Mackays Hotel

Mackays Hotel

Luxury Hotel Accommodation in the centre of Wick, Caithness

Whisky Sellers and the Whisky Cellar

Posted: August 30th, 2017 | Posted in: General News

Step inside The Whisky Cellar in the departure lounge of Inverness airport and you’ll be met with an enticing display of the best of Scottish whiskies – Island and Highland malts, drams from Speyside, as well as Lowland and Campbeltown favourites too.
There are all the old classics and some more unusual bottles too, with collectors’ items nestled among limited edition releases.

Add to that a wide array of craft gins and – new to the store – high quality Scottish gifts and food. You could be forgiven for thinking you’ve landed in retail heaven!

You’ll find that perfect gift for the friends or family you are flying off to visit. If you find a bottle which would be more at home in your own drinks cabinet (and we bet you can!) mention it to the staff and they’ll arrange for you to pick it up when you return to Inverness.

The stock in The Whisky Cellar has been carefully curated by Murray Lamont, a Highland whisky and wine connoisseur. In addition, he and his wife and business partner Ellie are proud owners of Mackays Hotel in Wick and The Whisky Cellar’s sister wine and whisky shops, Bin Ends, in Wick and Thurso.

Murray grew up in the hospitality business; Mackays has been in his family for over 60 years. Bin Ends has been supplying good value, quality wines, whiskies and spirits since the mid-1990s. The aim, both at the hotel and in the stores, is simple. It is to help customers choose a bottle of something that they’ll really enjoy, at a price which offers value for money.
“We’re all about debunking myths” smiles Murray. “There shouldn’t be any rules like ‘white wine with fish, or red with beef’ – people should drink what they enjoy. All of our staff, in the hotel’s bar and No 1 Bistro and in our shops, are industry trained, so that they can help you find something you’ll really like.”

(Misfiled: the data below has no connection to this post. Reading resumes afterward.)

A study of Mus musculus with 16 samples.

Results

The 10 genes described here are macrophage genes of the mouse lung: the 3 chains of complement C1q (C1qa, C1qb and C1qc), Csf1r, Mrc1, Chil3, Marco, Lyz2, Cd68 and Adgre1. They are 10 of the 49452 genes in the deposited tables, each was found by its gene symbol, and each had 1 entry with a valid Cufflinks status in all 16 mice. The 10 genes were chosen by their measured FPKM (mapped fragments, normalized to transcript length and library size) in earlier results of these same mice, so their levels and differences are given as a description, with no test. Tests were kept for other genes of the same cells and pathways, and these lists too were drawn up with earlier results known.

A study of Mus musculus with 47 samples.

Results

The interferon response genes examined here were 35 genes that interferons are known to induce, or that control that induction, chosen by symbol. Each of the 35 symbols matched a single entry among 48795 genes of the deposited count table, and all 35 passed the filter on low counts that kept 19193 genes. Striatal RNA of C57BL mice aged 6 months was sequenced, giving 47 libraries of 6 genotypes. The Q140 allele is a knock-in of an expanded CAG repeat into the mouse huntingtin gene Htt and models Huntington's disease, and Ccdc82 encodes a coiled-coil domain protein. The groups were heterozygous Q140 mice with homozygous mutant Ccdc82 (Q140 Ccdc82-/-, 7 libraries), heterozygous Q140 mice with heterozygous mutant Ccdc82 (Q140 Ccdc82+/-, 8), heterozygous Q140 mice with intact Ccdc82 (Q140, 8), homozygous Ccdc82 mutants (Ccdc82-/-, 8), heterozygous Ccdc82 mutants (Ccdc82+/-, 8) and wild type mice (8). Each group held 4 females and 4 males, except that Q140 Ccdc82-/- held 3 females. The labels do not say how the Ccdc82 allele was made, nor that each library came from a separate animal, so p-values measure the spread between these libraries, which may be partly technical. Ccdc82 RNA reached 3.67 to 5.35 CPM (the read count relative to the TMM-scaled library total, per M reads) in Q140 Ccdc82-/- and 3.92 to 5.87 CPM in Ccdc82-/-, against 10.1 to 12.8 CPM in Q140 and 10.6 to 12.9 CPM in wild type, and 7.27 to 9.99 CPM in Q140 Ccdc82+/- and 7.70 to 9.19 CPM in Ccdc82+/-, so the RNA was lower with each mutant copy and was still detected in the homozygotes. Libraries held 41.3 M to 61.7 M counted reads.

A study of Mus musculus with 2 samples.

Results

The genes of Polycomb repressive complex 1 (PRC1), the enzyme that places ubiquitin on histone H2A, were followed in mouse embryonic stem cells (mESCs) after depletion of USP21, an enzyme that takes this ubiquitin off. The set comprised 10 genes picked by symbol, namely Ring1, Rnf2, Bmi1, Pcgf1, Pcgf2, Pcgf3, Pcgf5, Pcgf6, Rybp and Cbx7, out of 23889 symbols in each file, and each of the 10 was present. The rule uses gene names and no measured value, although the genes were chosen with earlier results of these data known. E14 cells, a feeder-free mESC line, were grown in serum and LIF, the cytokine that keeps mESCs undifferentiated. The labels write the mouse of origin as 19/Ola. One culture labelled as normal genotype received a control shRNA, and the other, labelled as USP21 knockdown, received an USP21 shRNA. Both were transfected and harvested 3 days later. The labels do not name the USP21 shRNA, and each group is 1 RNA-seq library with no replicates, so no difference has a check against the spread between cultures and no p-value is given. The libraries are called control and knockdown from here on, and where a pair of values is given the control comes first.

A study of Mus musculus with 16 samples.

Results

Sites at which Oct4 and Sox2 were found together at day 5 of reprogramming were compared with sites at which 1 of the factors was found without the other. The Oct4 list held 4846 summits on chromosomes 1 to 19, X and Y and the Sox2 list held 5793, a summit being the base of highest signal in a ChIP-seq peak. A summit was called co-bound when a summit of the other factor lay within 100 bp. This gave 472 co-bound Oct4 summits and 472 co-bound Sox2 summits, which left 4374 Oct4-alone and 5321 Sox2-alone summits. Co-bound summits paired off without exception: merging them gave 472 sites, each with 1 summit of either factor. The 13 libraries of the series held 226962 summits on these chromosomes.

It is no surprise to learn that Murray has a qualification from the Scotch Whisky Association; he passed their exams with merit. He owns a handsome collection of rare and fine malts, perhaps some of the oldest in Scotland, dating back as far as the 1930s and 40s, and while some of these may appear for sale on the Whisky Cellar website from time to time, many will stay in the family collection.

There have been a few bespoke bottlings over the years – memorably the 2009 bottling of a barrel of Old Pulteney that Murray’s father laid down in the early 70s. That was hand-bottled, hand-labelled and hand-sealed with the help of Scotland’s leading whisky expert Charles MacLean, who wrote the tasting notes for the dram:

“This is a sensational dram! Truly one of the finest whiskies I have ever tasted and I evaluate around 1,000 a year. It is an ‘old fashioned’ malt -rich and heavy; a reminder of what whisky tasted like 30 years ago – but it is also a remarkable marriage of spirit and wood. Beyond price!”

Just a few of the 197 bottles remain – these can be bought from the hotel, from The Whisky Cellar (RRP £1000) or by the dram from the hotel bar, but you might need to be quick. If you miss out, keep in touch; further casks have since been laid down as ‘Mackays specials’ and there may be another bottling soon!

For Murray, whisky is about taste and flavour, and about matching the right dram to the right occasion. But above all, it’s personal. It’s about people, and memories, and friendships.

The first-time whisky had a real impact on him was on a Highland croft in the late 1970s. He had been driving north to Wick one snowy evening and stopped to drop off a pal, John, at his parents’ farm near Culbokie.

The weather closed in, and the power went off, and Murray had to stay until the roads reopened. John’s mother was a tremendous cook, and over the farmhouse’s solid fuel stove she produced a rib-sticking beef stew. The evening was rounded off with candlelit stories round the fire, lubricated by a dram.

Although that was Murray’s first real whisky memory, 40 years later he’s still making memories. Like the measure of heavily peated Islay malt he enjoyed on a recent summer’s evening, with thoughts of his pal Nick, who had gifted him the bottle.

Good food, good wines and good whisky are about more than fuel and alcohol; they are about good friends – and making good memories. A purchase from the Whisky Cellar or Bin Ends, or a night at Mackays Hotel in Wick – perhaps with Murray behind the bar – could be the start of making many more.